How Are Leg Ulcers Treated?
Venous leg ulcers are open wounds or unhealed sores that can develop on your leg. Without treatment, these painful sores can be slow to heal or come back after they have healed. Fortunately, vein doctors can provide treatment for leg ulcers.
Leg ulcers may be the result of chronic venous insufficiency (CVI) or lymphedema, a condition that can cause your leg to swell up. Lymphedema is a disease of the lymphatic system and CVI is a disease of the circulatory system. Each condition can cause progressive swelling of the leg, inflammation, and changes to the skin there.
There is no cure for lymphedema, but doctors can prescribe daily home treatments that control symptoms and complications. Untreated CVI can result in progressive skin changes and difficult-to-control leg ulcers.
Vein doctors provide safe and effective treatment for leg ulcers.
The lymphatic system and blood circulatory, or venous, systems work together to maintain fluid balance in your body. In the venous system, arteries carry oxygen- and nutrient-rich blood from your heart to the rest of your body. Your body cells use that oxygen and those nutrients to perform various functions and, in the process, generate waste that goes back into the blood. Your veins then carry that blood back up to your heart.
The lymphatic system takes care of molecules that are too large for your blood circulatory system. The lymphatic system maintains fluid balance by clearing excess water, large molecules, and debris from cells. In fact, the lymphatic system works like the body’s drainage and filter system.
Chronic swelling can occur when your venous system or lymphatic system do not work well. Restricted blood flow associated with CVI causes blood and fluid to leak into the surrounding tissue. Skin can break down and an ulcer can develop.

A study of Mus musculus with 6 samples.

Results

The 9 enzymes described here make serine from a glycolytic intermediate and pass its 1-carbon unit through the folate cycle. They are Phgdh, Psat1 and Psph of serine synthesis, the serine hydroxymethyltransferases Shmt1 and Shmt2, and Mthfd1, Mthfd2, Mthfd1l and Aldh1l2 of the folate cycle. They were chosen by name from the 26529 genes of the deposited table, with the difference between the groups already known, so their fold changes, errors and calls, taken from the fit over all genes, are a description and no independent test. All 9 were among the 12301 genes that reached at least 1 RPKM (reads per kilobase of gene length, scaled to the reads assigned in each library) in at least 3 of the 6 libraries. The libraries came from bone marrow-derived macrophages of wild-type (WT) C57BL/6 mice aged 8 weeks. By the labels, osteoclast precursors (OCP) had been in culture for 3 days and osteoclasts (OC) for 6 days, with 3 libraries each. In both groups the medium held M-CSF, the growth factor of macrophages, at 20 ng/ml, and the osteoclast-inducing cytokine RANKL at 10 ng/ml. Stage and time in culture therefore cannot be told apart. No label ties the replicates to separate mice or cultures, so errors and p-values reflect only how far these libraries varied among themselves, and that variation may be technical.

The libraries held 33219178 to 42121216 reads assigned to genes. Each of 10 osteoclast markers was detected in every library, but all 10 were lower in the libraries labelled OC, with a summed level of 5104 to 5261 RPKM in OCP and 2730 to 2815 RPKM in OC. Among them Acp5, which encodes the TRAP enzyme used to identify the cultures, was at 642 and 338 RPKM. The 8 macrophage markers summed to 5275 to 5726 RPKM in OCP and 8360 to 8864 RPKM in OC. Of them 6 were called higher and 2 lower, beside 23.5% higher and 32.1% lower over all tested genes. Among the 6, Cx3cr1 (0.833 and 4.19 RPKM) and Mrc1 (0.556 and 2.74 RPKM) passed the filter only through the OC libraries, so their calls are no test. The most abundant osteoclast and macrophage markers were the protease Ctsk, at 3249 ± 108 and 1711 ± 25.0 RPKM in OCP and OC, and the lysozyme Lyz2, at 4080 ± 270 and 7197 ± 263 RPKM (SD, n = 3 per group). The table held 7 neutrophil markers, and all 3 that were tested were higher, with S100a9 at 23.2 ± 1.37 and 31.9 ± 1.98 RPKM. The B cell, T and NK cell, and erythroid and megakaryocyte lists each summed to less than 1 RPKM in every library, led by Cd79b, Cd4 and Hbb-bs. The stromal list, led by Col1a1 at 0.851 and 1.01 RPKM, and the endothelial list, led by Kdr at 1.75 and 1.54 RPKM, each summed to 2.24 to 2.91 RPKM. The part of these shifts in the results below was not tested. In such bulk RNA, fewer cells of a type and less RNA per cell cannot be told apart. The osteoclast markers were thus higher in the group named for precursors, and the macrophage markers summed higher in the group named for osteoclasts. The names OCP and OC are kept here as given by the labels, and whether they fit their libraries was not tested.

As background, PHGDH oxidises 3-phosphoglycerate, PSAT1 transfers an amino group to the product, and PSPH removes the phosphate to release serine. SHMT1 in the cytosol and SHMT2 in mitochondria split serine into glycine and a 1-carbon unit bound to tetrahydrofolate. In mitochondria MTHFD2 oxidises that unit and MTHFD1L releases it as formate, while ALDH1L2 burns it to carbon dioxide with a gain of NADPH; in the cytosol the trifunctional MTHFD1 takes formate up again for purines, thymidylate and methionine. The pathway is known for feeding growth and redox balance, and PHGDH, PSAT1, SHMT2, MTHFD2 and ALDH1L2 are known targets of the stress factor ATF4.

Leg Ulcers and Lymphedema
Diabetes is an important cause of leg ulcers. About 15 percent of people with diabetes develop leg ulcers known as diabetic foot ulcers, according to the American Podiatric Medical Association (APMA). Of those who develop a foot ulcer, 6 percent will have to stay in the hospital for infection or other complications associated with the leg ulcer.
Lymphedema is the abnormal buildup of high-protein fluid in soft body tissues, including the soft tissues of your legs. Lymphedema can cause leg ulcers.
There are a number of lymphedema causes, such as certain types of cancer and treatments for cancer. Removal of the lymph nodes, which work as filters to kill harmful germs and other substances, can trigger the development of lymphedema. Lymphedema may develop as the result of damage to the lymph vessels, which are the structures that carry white blood cells and lymph fluid to and from lymph nodes, or when lymph vessels are missing as the result of a hereditary condition. Infections, injury, the presence of scar tissue from surgery, or radiation treatments may also cause lymphedema.
Treatment of leg ulcers includes preventing infection, applying medications to the ulcer, and managing blood sugar or other underlying health problems associated with leg ulcers. Taking the pressure off the area, a procedure known as “offloading,” prevents inflamed tissue from causing or worsening leg ulcers. Doctors may remove dead skin and tissue in a procedure known as debridement.
Treatment focuses on preventing infection. To keep a leg ulcer from becoming infected, it is important to keep your blood sugar under control, clean the wound daily, keep the leg ulcer clean and bandaged, and to avoid walking barefoot. If an infection does develop, the doctor will prescribe the appropriate antibiotics to control that infection.
Leg ulcer treatment may also involve varicose vein treatment to prevent these damaged veins from leaking fluids and toxic waste products into surrounding tissue.